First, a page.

For many writers trying to develop an online presence, writing contests afford the possibility of earning their works some necessary exposure. Everything from microscopically short flash fiction and haiku, to epic tome-length entries can bring about vital publicity and put writers’ works in front of publishing industry experts.
Each year in January, Amazon.com hosts its Amazon Breakthrough Novel Awards, which allows writers to submit full-length novels for consideration to win an advance and a publishing deal with Penguin Group USA. The winning entries will be published by Dutton and are slated to be available in June 2012. The contest has gained such popularity that it now has two separate entry categories, fiction and young adult fiction.
“I had entered ABNA once before a couple of years ago,” says Hill, “and obviously didn’t win that year. So when I stumbled on the announcement that ABNA was open for entries this year, I entered my most recent manuscript. I didn’t really even think about it again until I found out I made the cut for the top 250 entries.”
The ABNA competition works on a series of rounds, the first round being to narrow the field of 5,000 entries to the top 1,000, based on the authors’ pitch of the manuscript. That field is then narrowed to the top 250 based on reviews from staff members of Publisher’s Weekly and Amazon.com’s fellow sponsor, CreateSpace. From there the entries are finalized to the top fifty, then the top six. But Hill never counted on making it that far.
“With every round I kept thinking, ‘This is the cut where I’ll fall out,’ but I didn’t,” adds Hill, who works for Denver University in—oddly enough—library acquisitions for the campus. “The thing that really struck me when I met the other finalists before the winner was announced was that they were all humble to a fault, as if they couldn’t believe this was happening either.”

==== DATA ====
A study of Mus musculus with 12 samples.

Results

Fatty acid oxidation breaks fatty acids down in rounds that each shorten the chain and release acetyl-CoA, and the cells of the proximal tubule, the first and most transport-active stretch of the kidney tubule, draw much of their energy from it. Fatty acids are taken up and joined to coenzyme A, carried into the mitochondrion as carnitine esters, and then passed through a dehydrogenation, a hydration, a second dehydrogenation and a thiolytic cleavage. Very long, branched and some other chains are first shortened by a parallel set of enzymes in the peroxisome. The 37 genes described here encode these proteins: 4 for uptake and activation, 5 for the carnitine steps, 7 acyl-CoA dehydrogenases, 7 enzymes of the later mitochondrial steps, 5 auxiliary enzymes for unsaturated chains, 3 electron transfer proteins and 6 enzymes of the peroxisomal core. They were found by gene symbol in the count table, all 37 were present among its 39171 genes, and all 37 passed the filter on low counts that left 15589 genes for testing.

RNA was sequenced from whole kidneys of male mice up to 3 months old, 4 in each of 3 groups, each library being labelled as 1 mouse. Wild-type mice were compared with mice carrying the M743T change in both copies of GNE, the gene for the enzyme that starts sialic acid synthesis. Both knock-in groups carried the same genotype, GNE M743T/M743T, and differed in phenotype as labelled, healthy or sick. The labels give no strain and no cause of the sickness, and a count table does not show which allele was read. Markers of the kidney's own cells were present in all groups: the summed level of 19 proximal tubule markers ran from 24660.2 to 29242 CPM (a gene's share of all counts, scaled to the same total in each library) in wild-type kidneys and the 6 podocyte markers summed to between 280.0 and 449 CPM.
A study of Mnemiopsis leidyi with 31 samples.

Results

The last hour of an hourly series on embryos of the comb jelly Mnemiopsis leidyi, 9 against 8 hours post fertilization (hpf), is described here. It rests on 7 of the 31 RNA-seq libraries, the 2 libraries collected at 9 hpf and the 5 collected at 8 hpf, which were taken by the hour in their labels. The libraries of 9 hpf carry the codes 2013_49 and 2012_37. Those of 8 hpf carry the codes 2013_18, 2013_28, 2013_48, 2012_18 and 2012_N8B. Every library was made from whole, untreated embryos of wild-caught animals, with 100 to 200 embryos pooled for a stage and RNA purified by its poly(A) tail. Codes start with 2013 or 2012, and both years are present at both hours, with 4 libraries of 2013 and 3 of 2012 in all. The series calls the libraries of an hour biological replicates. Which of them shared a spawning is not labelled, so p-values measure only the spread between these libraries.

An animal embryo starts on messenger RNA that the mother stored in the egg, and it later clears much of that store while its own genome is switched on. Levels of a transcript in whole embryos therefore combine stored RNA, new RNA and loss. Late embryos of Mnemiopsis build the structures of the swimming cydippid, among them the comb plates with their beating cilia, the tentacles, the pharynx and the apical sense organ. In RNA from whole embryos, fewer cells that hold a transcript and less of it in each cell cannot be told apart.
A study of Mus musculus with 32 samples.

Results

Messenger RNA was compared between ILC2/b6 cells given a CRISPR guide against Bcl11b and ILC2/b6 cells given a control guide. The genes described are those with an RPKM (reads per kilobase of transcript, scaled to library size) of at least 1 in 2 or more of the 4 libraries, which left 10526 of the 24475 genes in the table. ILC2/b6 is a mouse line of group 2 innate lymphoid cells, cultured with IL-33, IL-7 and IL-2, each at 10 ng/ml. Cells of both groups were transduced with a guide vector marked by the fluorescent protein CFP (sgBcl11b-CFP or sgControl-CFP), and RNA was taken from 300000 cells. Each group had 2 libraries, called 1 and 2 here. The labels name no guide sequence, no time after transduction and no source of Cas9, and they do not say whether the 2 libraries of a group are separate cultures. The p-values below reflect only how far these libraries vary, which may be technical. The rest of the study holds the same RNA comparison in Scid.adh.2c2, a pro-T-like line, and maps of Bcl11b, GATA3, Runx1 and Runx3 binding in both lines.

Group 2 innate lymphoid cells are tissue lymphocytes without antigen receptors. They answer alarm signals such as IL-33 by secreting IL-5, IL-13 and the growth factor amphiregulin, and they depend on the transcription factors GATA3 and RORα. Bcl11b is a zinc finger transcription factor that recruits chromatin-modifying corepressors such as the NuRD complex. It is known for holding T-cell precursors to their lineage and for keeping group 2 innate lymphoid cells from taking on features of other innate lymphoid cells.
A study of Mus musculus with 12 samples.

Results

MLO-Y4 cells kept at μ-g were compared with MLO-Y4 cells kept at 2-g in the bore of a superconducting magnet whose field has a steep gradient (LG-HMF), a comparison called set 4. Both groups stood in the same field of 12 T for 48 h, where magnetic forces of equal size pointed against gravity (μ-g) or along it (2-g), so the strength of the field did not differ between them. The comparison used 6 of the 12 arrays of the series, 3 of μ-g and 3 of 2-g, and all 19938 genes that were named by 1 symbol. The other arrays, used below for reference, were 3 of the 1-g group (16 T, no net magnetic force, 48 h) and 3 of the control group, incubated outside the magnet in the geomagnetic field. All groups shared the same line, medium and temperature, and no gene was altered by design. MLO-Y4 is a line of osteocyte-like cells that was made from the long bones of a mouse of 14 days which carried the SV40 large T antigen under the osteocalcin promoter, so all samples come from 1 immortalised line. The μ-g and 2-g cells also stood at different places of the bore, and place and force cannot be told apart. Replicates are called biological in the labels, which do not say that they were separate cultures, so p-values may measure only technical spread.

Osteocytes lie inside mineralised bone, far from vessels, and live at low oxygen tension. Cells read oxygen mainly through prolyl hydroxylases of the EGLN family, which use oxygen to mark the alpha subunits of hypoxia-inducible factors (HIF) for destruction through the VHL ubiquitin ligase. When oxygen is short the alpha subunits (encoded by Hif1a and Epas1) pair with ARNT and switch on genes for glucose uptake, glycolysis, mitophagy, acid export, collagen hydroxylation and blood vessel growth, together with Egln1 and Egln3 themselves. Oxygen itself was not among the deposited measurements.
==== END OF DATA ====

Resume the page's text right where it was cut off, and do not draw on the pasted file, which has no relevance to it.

“I don’t do well with authority, but I went into this process thinking, ‘I’ll listen to these people. They know what makes a book great,’ and it’s true. I have an editor now as part of the process of publishing East of Denver, and it’s actually exciting to receive her notes and revision suggestions. At first it was kind of strange to have someone tell me what to change about my book, but all along I’ve been able to see that her comments are right.”
Hill credits his experience as a musician with helping him see that not every review will be positive. For many writers, the reviewing and revision process can be painful. “My music helped me see that the creation of the book is the goal, not the finishing or publishing. My best days happen when I find myself with four hours to just sit and write, no matter what the end result is,” explains Hill.
The ABNA awards are co-sponsored by Amazon, Penguin Group, and CreateSpace.